Alternatives ways of housing: Building houses using bricks is not a new concept and has been in use since 7000 BC.

By nayanikaphukan
New Update
alternatives of bricks and cement

Alternatives ways of housing: Building houses using bricks is not a new concept and has been in use since 7000 BC. Rather, this makes them one of the oldest known building materials. The evidence can be seen today in the remains of Harappa and Mohenjo- Daro, in the Indus Valley Civilisation.

The machine makes 42 bricks approximately every 30 seconds. |
The machine makes 42 bricks approximately every 30 seconds. | Anna Frodesiak, via Wikimedia Commons

Bricks were made by hand until 1885 using clay and straw which was then sun-dried to make them sturdy.

The real concern arose after the industrial revolution when handmade production was replaced by brick-making machines.

These machines could make as much as 12,000 bricks a day.

At the same time, contributed to air pollutants primarily from the combustion of fossil fuels releasing VOCs, CO2, and particulate matter.

The cement industry is a major contributor to climate change and environmental disruption. Gases like nitrous oxides (NOx), Carbon dioxide (CO2), dust, chlorides, fluorides, sulfur dioxide, carbon monoxide, and small quantities of heavy metals are released from a cement kiln.

Read more: Impacts of Cement Industry on Environment - An Overview

These gases are not only detrimental to human health but also result in acid rain, ozone depletion and loss of biodiversity.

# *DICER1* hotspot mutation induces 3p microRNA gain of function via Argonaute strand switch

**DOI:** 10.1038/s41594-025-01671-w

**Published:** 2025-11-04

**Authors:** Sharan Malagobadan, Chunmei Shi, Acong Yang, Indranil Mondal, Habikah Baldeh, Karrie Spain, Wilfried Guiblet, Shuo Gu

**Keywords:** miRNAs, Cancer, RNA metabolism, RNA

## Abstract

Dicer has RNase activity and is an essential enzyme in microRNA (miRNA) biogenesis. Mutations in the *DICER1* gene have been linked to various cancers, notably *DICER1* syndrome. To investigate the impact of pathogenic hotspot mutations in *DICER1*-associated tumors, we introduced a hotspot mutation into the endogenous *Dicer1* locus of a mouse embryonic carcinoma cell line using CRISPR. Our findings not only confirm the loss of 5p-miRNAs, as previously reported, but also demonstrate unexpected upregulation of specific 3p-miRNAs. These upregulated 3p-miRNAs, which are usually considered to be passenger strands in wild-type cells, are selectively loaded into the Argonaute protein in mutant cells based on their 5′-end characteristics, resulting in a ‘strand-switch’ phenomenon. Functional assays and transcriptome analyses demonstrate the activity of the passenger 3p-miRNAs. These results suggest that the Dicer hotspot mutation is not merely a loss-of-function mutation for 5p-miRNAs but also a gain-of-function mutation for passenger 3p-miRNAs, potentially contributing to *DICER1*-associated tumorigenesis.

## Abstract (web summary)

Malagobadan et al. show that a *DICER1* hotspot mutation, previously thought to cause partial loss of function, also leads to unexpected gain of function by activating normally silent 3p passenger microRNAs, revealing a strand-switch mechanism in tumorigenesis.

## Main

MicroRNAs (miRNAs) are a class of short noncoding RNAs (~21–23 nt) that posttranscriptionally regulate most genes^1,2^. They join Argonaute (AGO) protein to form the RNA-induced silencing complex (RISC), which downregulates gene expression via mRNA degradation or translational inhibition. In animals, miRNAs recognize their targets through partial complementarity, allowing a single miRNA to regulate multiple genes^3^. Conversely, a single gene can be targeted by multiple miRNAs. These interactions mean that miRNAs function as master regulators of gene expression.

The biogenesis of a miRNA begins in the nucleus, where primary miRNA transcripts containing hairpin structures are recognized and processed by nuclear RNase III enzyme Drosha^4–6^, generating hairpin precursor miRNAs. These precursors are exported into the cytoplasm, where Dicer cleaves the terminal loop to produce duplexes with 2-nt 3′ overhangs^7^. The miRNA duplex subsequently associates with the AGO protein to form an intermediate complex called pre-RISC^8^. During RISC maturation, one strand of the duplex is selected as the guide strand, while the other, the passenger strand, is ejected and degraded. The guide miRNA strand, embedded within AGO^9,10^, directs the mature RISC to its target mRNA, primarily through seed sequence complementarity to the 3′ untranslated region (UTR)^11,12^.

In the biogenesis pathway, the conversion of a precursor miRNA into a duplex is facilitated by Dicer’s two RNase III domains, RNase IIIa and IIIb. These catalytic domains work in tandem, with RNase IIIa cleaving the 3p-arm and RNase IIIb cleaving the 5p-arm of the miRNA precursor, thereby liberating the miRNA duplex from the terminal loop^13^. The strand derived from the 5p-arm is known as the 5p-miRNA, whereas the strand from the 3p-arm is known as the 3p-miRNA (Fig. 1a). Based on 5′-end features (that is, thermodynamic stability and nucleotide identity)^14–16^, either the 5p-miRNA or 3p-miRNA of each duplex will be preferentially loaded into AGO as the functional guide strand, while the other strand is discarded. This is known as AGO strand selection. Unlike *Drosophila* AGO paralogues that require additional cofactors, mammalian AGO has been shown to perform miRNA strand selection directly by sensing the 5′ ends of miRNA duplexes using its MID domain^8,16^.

Therefore, there arises a need to look for eco-friendly and sustainable alternatives for building houses.

Some alternative ways:

Fly ash

Fly ash is the residual material produced during the combustion of fossil fuels. Instead of dumping it into landfills, it can instead be used as a substitute for cement. It requires less water and has improved paste properties and workability. Using fly ash can reduce the demand for cement by 20% and the water demand by 10%.

Fly Ash Bricks in stock | Courtesy: Praveenvatsa, via Wikimedia Commons

Mud blocks

Mud houses are quite common in rural India because of their low cost and widespread availability. Owing to its low cost it can also solve the severe problem of housing shortage in the country. It is also recyclable and biodegradable contributing to a circular economy, as at the end of the life cycle it can go back to nature where it initially came from.

A man making mud blocks | Courtesy: KelvinJM, via Wikimedia Commons

Municipal Solid Waste incineration ash

Because of the large volumes of waste produced by households and the lack of landfills, municipal solid wastes are incinerated which produces ash. This ash when mixed with calcium oxide has the properties to replace the traditional cement mix.

Read more: An Overview of Eco-Friendly Alternatives as the Replacement of Cement in Concrete


Bamboo houses can be found in parts of Bihar, Assam, Uttar Pradesh, and Orissa. India has the second largest bamboo reserve in the world and some of its advantages over brick and cement include its rapid growth and high yield and comparable structural properties to steel and concrete. It is also a sustainable and renewable construction material that has little to no impact on the environment.

Traditional riang house, made from bamboo in tripura | Courtesy: Flickr

Read more: Bamboo: A Sustainable and Low-Cost Housing Material for India


Some of the proposed alternative ways have their drawbacks. Although, with proper development and research they have the potential to replace the traditional brick and cement houses with more sustainable and eco-friendly houses.